This weekend I took a plunge and plopped some money down on a shiny new bike. My Saturday post was the impetus that led to some in depth research to develop an understanding of what I was looking for and what I was willing to spend. So after writing that post Friday night I stayed up way later than I should have (4 AM) reading about bikes and gears and parts and whatever else my mind latched onto. I realized the next morning that a visit to my local bike shop was in order. I was uncertain if my future triathlon bike would be found, but I was hoping to be able to further understand what I was trying to purchase.
But before venturing to my local bike shop I visited their website to look at inventory and financing options. I wanted to have a little knowledge regarding what I was looking for before venturing into the store. I realized that my assumptions might be totally wrong, but I like working from what I know and understand. So I found a couple of possible matches based on the following criteria :
- Parts and components seemed to be a big deal – Shimano Tiagra at a minimum even though 105 might be better.
- Aluminum Frame was a must, keep cost down and it would hold my large weight better.
- road bike – obviously
- Was not sure about the wheels but I knew I was going to have to ask about this and other matters regarding to my bigger ‘Clydesdale’ build.
That was my basic list of what I thought were the important parts of buying the bike.
I also found the shop was having some really good sales and was offering 6 months same as cash. I know from experience I am very disciplined when it come to purchasing items this way. So I figured my max limit would be 1500$ as that would make my payments at a goal of paying it off in the allotted time 250$ or less per month. Realize that money would also have to include gear and essentials as well and if I was below my limit, that would be good also.
So armed with this list I went to my local Performance Bike shop and hesitantly walked up to the sales representative to get a dialog going about bikes and possibly purchasing. First thing established was I would need a 60 to 61 inch frame. Secondly I told him my budget and range. Thirdly I asked about the fact I am a big guy and how can I get a bike to last with someone my size. Luckily for me he has dealt with people heavier than me and recommended a tire with more spokes, like in the range of 32 and crossed (might have terminology wrong). While naturally lighter people were getting rid of weight and going fewer spokes, I would need more.
Three hours later and after looking at several different bikes and component combinations I had decided on a couple of things:
- I definitely did not want Shimano Sora components, especially the shifters. I honestly do not understand who designed these or what they were thinking.
- Some Tiagra parts were ok, but I preferred the feel of the 105 shifters and derailers to the Tiagra components.
- Aluminum butted frame was a good way to go.
- 32 spoke wheels, definitely
If you have never shopped for a middle end or just above beginner level road bike, you would be amazed how many combinations these bikes come in. Also, you would not believe this, but few of the bikes in the price range and above included pedals. The trick was finding one that had most of the components I wanted within my price limit that I could alter if something was not included.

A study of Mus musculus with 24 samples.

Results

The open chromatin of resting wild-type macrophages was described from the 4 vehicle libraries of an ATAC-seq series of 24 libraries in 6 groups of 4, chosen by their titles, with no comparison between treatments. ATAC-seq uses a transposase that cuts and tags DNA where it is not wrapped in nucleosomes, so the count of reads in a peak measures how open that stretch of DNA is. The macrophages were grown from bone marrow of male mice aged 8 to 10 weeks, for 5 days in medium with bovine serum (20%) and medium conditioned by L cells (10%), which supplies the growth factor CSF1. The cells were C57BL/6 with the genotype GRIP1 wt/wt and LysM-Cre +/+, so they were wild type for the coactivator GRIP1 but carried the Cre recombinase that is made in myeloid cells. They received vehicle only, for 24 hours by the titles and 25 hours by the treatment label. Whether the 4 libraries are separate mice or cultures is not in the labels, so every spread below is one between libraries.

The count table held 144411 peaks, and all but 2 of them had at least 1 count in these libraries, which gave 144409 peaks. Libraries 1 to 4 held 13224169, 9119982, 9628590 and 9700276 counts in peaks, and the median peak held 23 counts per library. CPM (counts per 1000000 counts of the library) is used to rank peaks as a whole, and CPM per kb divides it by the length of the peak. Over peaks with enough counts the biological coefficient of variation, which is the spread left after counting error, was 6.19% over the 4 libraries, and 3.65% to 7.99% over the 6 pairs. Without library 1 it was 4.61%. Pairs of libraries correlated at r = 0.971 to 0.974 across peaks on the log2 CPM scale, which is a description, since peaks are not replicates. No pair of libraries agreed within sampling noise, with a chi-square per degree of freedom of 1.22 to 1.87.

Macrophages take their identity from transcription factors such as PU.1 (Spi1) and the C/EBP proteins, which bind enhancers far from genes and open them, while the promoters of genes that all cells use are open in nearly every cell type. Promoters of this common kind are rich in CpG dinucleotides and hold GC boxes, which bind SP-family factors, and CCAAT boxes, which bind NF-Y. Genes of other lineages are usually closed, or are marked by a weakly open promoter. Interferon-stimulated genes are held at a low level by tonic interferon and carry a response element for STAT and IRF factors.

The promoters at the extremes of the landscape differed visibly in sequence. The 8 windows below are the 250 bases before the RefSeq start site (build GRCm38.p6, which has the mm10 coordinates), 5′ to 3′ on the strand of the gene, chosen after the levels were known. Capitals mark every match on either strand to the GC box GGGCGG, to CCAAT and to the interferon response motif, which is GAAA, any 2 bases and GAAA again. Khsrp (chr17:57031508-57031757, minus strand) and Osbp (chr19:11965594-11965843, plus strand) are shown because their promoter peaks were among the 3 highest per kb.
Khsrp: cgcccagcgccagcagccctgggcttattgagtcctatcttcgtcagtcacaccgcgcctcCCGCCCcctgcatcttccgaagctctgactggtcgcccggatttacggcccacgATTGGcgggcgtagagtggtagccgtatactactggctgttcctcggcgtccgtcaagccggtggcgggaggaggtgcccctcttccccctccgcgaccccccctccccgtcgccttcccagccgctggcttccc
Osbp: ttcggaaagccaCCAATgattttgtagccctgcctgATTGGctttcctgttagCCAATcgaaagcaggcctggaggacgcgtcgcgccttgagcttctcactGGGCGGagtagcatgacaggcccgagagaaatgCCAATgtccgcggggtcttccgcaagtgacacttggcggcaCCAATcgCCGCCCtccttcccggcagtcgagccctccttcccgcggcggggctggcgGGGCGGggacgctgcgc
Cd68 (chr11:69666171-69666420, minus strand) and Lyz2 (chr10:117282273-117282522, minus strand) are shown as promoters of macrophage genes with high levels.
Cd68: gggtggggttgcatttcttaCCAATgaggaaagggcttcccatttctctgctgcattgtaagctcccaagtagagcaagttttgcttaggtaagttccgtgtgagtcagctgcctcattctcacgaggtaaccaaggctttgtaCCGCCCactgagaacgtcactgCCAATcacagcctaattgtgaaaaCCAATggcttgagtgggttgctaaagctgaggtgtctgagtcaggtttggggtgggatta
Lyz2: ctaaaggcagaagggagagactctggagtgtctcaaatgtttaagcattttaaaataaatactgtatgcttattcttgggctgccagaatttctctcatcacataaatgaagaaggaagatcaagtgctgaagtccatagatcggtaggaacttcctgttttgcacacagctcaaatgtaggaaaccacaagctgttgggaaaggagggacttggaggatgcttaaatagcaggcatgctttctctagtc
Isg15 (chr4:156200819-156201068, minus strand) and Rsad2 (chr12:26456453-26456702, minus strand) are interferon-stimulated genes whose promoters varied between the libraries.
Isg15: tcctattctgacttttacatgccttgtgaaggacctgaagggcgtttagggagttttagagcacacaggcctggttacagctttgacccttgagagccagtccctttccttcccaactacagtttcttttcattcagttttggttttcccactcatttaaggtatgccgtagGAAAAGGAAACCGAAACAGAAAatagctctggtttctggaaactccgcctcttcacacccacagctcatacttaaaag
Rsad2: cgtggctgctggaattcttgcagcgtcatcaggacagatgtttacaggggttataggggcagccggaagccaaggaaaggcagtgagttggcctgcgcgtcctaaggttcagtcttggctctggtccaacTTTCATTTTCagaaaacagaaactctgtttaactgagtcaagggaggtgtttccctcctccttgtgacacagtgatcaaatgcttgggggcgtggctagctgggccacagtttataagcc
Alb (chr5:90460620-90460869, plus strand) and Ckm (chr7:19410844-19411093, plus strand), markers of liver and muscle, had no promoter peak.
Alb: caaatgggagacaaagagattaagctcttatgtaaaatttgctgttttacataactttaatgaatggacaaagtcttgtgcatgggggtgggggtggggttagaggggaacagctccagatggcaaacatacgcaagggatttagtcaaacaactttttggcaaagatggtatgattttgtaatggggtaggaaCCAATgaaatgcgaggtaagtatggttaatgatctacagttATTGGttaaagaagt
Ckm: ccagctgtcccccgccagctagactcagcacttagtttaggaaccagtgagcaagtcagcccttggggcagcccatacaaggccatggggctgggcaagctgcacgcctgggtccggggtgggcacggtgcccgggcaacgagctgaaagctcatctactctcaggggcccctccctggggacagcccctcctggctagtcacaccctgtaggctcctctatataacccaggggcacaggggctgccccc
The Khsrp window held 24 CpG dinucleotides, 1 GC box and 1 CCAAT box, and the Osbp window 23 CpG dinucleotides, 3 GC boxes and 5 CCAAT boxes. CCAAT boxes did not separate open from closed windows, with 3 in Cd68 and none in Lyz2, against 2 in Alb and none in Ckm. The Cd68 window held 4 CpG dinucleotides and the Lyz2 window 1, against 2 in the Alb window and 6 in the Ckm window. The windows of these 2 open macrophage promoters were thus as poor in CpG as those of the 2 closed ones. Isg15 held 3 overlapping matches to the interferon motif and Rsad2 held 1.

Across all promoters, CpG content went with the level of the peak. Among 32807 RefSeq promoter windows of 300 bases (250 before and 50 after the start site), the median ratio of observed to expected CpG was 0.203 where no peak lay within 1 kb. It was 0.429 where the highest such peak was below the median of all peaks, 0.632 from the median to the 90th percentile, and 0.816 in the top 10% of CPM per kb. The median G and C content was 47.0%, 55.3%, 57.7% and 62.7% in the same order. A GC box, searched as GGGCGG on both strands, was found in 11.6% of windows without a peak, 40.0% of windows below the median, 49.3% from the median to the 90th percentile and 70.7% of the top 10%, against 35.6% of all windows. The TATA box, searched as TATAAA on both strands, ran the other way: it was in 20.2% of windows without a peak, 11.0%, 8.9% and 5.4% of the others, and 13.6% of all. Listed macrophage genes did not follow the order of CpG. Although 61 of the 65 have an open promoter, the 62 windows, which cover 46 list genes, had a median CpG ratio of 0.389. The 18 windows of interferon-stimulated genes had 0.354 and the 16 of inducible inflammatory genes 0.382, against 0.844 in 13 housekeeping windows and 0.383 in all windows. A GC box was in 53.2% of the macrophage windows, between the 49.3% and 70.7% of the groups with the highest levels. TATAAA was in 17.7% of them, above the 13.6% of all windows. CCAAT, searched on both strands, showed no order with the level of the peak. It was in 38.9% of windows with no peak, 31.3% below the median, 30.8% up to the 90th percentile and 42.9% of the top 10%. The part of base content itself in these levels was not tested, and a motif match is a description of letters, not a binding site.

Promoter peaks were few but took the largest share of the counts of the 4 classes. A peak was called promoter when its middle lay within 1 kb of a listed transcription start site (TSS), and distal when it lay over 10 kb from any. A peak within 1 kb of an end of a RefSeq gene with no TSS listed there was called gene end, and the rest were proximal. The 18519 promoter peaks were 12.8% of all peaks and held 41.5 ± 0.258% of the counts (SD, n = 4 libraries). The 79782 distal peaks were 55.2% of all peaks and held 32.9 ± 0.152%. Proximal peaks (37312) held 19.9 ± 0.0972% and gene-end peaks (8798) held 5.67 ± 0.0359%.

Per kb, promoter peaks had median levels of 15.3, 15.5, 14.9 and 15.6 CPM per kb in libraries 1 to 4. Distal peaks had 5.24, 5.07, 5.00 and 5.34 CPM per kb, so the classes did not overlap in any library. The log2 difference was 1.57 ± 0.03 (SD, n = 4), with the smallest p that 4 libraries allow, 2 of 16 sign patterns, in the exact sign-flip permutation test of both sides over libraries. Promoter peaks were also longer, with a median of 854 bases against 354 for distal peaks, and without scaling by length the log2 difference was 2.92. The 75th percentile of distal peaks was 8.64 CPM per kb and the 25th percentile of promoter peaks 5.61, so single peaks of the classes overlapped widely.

After a very patient non-commissioned sales representative spent all this time with me it came down to two bikes, both with a great sales price sticker. One was at the upper end but needed nothing additional, the GT Series 2; the other was the Fuji Roubaix performance exclusive model which if you compare to Fuji’s listed base had some nice 105 upgrades, seat upgrades and crankset upgrades. Turns out the GT was not available in my size so I went with the Fuji Roubaix Performance exclusive. (The specs can be found on the associated link page). Unfortunately they had to order it from the warehouse so I have to wait a week or so for it to come in.
This model comes with the desired light wheels Clydesdales do not need so I figured I would have to trade out the wheels and sell them to get the money back to buy new wheels. I did not have to worry about this as the manager said they would buy the wheels so I would not have sell them. The representative checking me out under his breath kept saying how generous the offer amount was.
With the bike chosen I then had to get approved for the financing. That was quick and hassle free. I was approved way above my limit and while tempting to go and get something a little more, I like being under my budget before buying some additional things I would need. I also got their club membership as it gives you 10% points to use later on all purchases and I planned to use this to once again keep the over all number down. So besides buying the bike I also payed for a two year maintenance plan as it costs the same as a tune up and comes with 2 tune ups and 2 lube and chain service. Then I grabbed the following gear:
All that is left is a helmet, multi tool,pump, cages and flat fix repair which I will buy with my points (130 bucks worth of points). All together it costed me 1300$. Not too bad at all. Now I just have to wait for it to come in and the doctor to give me an all clear. I might also have to cave in and get at least some padded shorts and maybe a jersey. I will admit I have gotten some great advice here and I think I made a good decision. I still am looking for sites that can give me more information about bikes and riding as I still feel compelled to learn this stuff. I am now searching for local rides and I am ready for some hard lessons using clipless pedals as I have read elsewhere and on using gears. Til next time.